Monday, May 22, 2017

Most authors will have heard the gurus proclaiming that building an email list is essential for modern-day writing success, but very few start with the basics to explain why that is. Faced with the prospect of building a mailing list, most authors would run a mile. Screams of "I’m not very good with computers" and "I just want to write my books" will be heard, as they disappear into the distance. However, the simple truth is, if you’re not attempting to build a list of reader emails, you’re making life far more difficult than it needs to be, and you’re really missing a key book marketing tool.

Let’s deal with the objections first:

Q: I can’t afford it!

A: Yes, you can. Mailchimp and MailerLite are both free.

Q: I’m useless on computers!

A: We all were at one time. The good news is, there’s lots of free support available. If you can move a mouse, follow simple instructions, and type text into a PC, you can do this. Both Mailchimp and MailerLite offer training on their sites.

With the objections out of the way, we can start to dig in, and where better to start than explaining what email marketing involves.

Steps Involved in Basic Email Marketing

1. A Reader Signs Up

Readers sign up to receive author updates and more via a form on your website or a link at the back of your book. You might offer them some free content by means of encouragement, an extract of your book perhaps (in PDF/downloadable format) or even the first book in a series. They will have to enter their email (always) and their name (optional) to be able to receive your emails.

2. Email Verification

If you’re using a reputable service such as Mailchimp or MailerLite (many others are available, but not usually for free) your reader will receive an automated email asking them if they are sure that they want to receive emails from you. This is called the double opt-in process and it helps to keep you on the right side of spam regulations. Your reader will have to click a link to confirm that they wish to hear from you. Once they do that, you can send email marketing to them whenever you want.

3. Follow the Rules

Every marketing email that you send out should include an unsubscribe link and the good news is that Mailchimp and MailerLite take care of this for you. Once again, this keeps you on the right side of email marketing rules. People receiving your emails should be able to stop them whenever they want. Your email marketing service should handle all of this for you.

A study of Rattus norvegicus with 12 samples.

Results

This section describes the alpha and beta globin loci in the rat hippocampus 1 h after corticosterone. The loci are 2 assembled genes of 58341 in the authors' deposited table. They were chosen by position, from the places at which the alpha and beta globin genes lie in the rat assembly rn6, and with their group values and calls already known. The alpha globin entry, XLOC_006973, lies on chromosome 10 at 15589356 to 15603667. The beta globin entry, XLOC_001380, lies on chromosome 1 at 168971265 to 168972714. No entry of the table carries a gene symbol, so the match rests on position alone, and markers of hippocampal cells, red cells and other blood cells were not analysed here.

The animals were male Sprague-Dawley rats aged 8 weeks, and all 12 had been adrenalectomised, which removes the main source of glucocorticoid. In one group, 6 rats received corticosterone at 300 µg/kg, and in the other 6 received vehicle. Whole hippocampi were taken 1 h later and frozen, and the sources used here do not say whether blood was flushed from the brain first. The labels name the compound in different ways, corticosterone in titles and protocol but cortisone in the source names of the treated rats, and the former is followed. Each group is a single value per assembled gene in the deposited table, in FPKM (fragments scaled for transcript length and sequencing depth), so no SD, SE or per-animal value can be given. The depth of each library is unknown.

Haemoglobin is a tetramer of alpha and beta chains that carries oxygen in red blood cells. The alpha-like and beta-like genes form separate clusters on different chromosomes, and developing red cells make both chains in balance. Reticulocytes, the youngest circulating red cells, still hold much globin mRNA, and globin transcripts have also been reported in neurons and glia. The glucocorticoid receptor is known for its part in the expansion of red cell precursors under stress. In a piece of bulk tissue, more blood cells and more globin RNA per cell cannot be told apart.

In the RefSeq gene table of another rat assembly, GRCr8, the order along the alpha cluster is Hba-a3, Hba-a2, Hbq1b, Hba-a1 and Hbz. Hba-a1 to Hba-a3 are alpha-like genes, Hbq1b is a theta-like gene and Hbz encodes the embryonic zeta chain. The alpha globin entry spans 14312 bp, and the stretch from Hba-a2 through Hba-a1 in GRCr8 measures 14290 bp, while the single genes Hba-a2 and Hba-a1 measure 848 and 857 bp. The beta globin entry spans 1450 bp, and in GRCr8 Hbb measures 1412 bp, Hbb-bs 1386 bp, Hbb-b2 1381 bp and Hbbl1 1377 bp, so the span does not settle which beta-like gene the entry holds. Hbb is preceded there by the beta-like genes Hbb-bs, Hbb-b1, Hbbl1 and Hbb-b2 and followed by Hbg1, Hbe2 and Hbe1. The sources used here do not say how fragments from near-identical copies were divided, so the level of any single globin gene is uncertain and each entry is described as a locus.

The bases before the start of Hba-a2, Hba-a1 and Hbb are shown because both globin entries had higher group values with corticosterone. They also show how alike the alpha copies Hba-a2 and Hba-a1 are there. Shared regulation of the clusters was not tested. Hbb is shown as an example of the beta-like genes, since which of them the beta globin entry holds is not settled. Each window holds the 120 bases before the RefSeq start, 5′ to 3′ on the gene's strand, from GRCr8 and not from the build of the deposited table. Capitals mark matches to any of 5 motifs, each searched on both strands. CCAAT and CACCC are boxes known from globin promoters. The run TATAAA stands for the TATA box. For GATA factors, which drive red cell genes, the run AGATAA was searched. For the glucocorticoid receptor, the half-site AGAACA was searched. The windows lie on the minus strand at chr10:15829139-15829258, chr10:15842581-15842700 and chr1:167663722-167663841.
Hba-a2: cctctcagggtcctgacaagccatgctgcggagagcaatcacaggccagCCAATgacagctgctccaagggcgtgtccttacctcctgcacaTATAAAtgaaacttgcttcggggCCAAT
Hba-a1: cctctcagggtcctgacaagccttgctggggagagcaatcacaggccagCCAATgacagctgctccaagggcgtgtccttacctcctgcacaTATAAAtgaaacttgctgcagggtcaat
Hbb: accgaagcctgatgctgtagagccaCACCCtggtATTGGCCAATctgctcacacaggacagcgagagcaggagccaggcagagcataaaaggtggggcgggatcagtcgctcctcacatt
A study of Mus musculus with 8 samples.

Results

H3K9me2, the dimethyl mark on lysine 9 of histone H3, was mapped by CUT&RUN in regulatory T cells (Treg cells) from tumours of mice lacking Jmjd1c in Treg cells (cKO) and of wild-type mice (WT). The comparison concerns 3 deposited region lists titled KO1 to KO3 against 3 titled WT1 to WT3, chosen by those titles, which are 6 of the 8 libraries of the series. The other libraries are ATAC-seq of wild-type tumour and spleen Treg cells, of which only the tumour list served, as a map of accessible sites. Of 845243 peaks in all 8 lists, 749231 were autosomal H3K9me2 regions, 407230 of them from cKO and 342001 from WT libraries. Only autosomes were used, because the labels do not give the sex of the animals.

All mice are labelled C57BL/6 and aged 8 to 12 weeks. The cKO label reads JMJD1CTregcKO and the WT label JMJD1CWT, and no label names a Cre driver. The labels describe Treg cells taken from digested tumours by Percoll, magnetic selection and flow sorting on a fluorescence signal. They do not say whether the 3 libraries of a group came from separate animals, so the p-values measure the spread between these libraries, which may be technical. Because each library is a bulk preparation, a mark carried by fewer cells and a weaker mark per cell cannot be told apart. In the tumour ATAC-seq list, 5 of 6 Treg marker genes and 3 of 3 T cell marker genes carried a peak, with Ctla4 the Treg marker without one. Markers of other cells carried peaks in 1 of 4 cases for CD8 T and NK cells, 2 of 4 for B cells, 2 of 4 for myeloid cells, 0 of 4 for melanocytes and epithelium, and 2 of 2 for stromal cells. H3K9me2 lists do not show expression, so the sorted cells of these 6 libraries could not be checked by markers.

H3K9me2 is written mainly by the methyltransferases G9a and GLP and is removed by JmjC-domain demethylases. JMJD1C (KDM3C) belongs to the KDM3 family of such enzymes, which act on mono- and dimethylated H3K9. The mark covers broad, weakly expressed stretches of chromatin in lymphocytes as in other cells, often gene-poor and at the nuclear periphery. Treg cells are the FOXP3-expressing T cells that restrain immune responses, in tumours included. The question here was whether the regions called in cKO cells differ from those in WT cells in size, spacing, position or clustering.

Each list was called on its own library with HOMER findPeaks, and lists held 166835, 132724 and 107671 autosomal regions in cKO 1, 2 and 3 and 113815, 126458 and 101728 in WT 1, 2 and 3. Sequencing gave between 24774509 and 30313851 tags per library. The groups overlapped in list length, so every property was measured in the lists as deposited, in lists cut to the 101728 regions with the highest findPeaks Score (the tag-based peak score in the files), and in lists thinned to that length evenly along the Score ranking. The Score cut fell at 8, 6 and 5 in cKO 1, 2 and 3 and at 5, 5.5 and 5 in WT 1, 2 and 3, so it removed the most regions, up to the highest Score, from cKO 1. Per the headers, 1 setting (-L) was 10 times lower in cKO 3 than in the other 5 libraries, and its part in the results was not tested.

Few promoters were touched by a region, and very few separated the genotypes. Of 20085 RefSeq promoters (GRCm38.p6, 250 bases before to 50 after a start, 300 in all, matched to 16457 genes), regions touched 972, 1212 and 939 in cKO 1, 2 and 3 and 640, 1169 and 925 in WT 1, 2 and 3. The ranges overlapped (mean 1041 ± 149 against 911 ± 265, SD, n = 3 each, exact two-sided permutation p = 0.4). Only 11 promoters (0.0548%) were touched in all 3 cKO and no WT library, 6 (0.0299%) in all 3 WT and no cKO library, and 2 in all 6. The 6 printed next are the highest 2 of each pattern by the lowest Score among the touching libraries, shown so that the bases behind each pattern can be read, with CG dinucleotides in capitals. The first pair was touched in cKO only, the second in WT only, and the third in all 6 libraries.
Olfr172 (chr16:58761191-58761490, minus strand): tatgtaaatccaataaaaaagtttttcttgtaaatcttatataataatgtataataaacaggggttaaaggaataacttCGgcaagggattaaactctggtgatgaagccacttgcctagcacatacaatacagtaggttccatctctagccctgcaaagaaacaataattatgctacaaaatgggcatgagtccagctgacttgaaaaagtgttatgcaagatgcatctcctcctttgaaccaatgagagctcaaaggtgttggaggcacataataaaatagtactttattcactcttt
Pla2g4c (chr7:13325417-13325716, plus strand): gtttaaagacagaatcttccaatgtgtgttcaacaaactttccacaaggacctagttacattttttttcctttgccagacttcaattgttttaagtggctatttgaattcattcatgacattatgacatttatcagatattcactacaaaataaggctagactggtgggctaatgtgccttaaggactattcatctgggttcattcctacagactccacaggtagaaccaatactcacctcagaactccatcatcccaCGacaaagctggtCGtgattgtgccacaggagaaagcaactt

4. How Often to Send

All you need to do is send out emails updating existing and potential readers about what you’re up to. Many authors are reluctant to send out more than one email per month – don’t be; you can send one a week if you want, so long as what you’re saying is interesting and engaging for your readers. This is the key to any good book marketing. 


Here are some ideas to get you started:

  1. Writing updates – what you’re writing/reading/researching
  2. Special offers – book bundles, free promos, price reductions. Use IngramSpark's shareable purchase links to send specific discounts or promotions to readers and earn more on each book you sell!
  3. Links to interesting articles which you have spotted online
  4. News about your everyday life – nothing too personal, but used well, this can help to strengthen your relationship with your readers
  5. Extracts from your books and short-stories
  6. Informal surveys – Who’s your favourite character? What books are you reading? What should the location of my next book be?

Some of you might still be asking what the point of all this is.

Imagine a shopkeeper who has people popping into her shop all day, browsing, but never buying. The shopkeeper lets them wander out of the store, never asking if she can help them and not bothering to chat. How would you feel if you were that customer?

Now, imagine if the shopkeeper greeted you, asked you how she could help, and then made an effort to get to know about you, your needs, your likes and dislikes. If the shop is your website, not having the ability to communicate with customers makes you as poor a shopkeeper as in my first example. Don't be remote from your prospects. Take time to engage with them and find out more about them.

With email marketing you can get closer to your readers and prospects, and when all is finely-tuned and you’ve got the hang of it, it’s like having customers on demand. Who wouldn’t want that in their business?


Paul Teague

Paul Teague is a former radio journalist and broadcaster for the BBC and the independently published author of several books. He also hosts a weekly podcast for new and aspiring indie authors called Self Publishing Journeys.